Beau Allen returns to help usher Wisconsin's defense into a new era. - Mike McGinnis
New coordinator Dave Aranda has a plan, and it should have Badgers fans salivating.
MADISON, Wis. -- The minute rumors broke that Dave Aranda would follow Gary Andersen to Madison, Wisconsin fans couldn't help themselves from dreaming of exciting 3-4 schemes and blitzes sending safeties and linebackers darting every which way.
If Aranda's comments on the nine scholarship players projected to play defense hold any merit, then such intrigue around the Badgers' defense should only grow stronger. Under Chris Ash and Charlie Partridge in 2012, the defense was certainly effective but also rather vanilla, the kind of group that often went unrecognized despite finishing third in the Big Ten in total defense.
On Wednesday, National Signing Day, one of the new defensive coordinator's most interesting comments was how much of a premium he places on speed and athleticism when recruiting.
"I would say toughness and being a smart kid, being tough, and then being fast," Aranda said of the most important traits he looks for in a recruit. "I think the speed is the equalizer. When I look around the conference and I look at us, and ... to do some of the things that we're aiming to do, we need speed."
In fact, the two new defensive recruits reeled in since Andersen took over -- Leon Jacobs and Donnell Vercher -- indicate a fresh approach for UW. Aranda spoke of watching Jacobs playing basketball and throwing down dunks over opponents, shooting a thumbs up at the onlooking recruiter as he dropped from the rim. Jacobs also won a dunk contest one time.
Jacobs could line up at inside or outside linebacker or even defensive end, according to Aranda, perhaps the type of versatile athletes that will form the foundation of Wisconsin's reconstructed defense.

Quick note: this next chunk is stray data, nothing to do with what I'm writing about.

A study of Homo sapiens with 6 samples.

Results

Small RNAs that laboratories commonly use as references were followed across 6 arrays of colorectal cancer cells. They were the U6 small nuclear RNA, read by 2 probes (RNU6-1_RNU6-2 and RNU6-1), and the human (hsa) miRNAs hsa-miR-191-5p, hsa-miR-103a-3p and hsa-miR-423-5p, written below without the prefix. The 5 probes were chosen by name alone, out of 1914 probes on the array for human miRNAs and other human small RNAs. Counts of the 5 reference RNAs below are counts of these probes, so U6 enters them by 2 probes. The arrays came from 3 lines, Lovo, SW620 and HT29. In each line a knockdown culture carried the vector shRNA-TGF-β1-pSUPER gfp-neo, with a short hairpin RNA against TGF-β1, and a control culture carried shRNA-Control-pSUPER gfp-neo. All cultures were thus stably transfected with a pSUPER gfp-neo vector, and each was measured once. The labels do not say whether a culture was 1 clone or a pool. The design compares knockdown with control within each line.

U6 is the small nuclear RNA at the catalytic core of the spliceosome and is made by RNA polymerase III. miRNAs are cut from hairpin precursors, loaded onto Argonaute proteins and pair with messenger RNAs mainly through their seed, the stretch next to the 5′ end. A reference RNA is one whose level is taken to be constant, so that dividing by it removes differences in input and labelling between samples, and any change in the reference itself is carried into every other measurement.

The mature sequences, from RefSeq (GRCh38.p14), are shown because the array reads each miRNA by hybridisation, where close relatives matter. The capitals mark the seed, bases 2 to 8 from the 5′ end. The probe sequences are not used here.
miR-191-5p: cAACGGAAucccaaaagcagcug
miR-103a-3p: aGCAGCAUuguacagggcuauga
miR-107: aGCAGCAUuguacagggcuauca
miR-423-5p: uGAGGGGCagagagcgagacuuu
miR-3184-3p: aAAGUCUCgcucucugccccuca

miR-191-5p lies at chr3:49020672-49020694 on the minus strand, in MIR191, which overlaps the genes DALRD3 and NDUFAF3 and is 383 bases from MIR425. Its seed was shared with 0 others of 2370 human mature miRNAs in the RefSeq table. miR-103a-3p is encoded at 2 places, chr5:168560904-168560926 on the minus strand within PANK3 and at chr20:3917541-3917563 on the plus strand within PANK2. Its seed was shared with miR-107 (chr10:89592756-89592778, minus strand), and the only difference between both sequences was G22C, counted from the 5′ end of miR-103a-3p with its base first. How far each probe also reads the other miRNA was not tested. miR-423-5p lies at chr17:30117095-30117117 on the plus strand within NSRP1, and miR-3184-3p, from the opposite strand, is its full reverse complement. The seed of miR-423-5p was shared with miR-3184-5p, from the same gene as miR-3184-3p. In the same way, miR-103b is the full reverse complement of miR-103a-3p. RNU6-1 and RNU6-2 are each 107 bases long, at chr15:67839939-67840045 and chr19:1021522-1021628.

Though Bret Bielema's staff picked out nearly every other defensive recruit in the 2013 class, Aranda said players like Alec James, Chikwe Obasih, Garret Dooley and Matt Hubley are exactly the types of athletes he usually targets. As Andersen and the rest of the staff reviewed tape of recruits at the Rose Bowl, they were struck by the number of what Aranda described as "hyper players" that had already been picked out and praised the work of his predecessors.
"When I look at the defense, I see long, rangy athletes, I see front-seven guys that are long," he said. "When I look at the seniors here at Wisconsin, I see what we needed was skill with speed. So that's what we're able to go after and get."
Both Obasih and James appear to have the right build and athleticism to fit into a scheme that will clearly emphasize speed over power, somewhat of a fundamental change for this program.
Aranda found much success at Utah State using a 3-4 setup and the Aggies finished the season ranked 14th nationally in total defense, one spot ahead of Wisconsin under then-defensive coordinator Chris Ash. If Aranda found that much success with players that most football powers either overlooked or ignored, it's hard not to think about how far he could take this unit with more elite athletes who don't need the development period required of many WAC recruits.
Aranda even mentioned that he's noticed a major difference on the recruiting trail when he steps into living rooms and tries to sell high school stars on the Badgers.
"I think Wisconsin is a national brand, so it sold itself a little bit," Aranda said. "Just when you walk into the school, you're noticed, and so it gives you a platform to really get in-depth with recruits and really talk about the football program, talk about the academic programs here."
With the likes of Beau Allen and Ethan Hemer returning for their senior seasons in 2013, Aranda has said he will not immediately jump to a three-man front but will experiment with some fresh, creative looks. Give him a few years, however, and "vanilla" may be the last word that comes to mind describing the Wisconsin defense.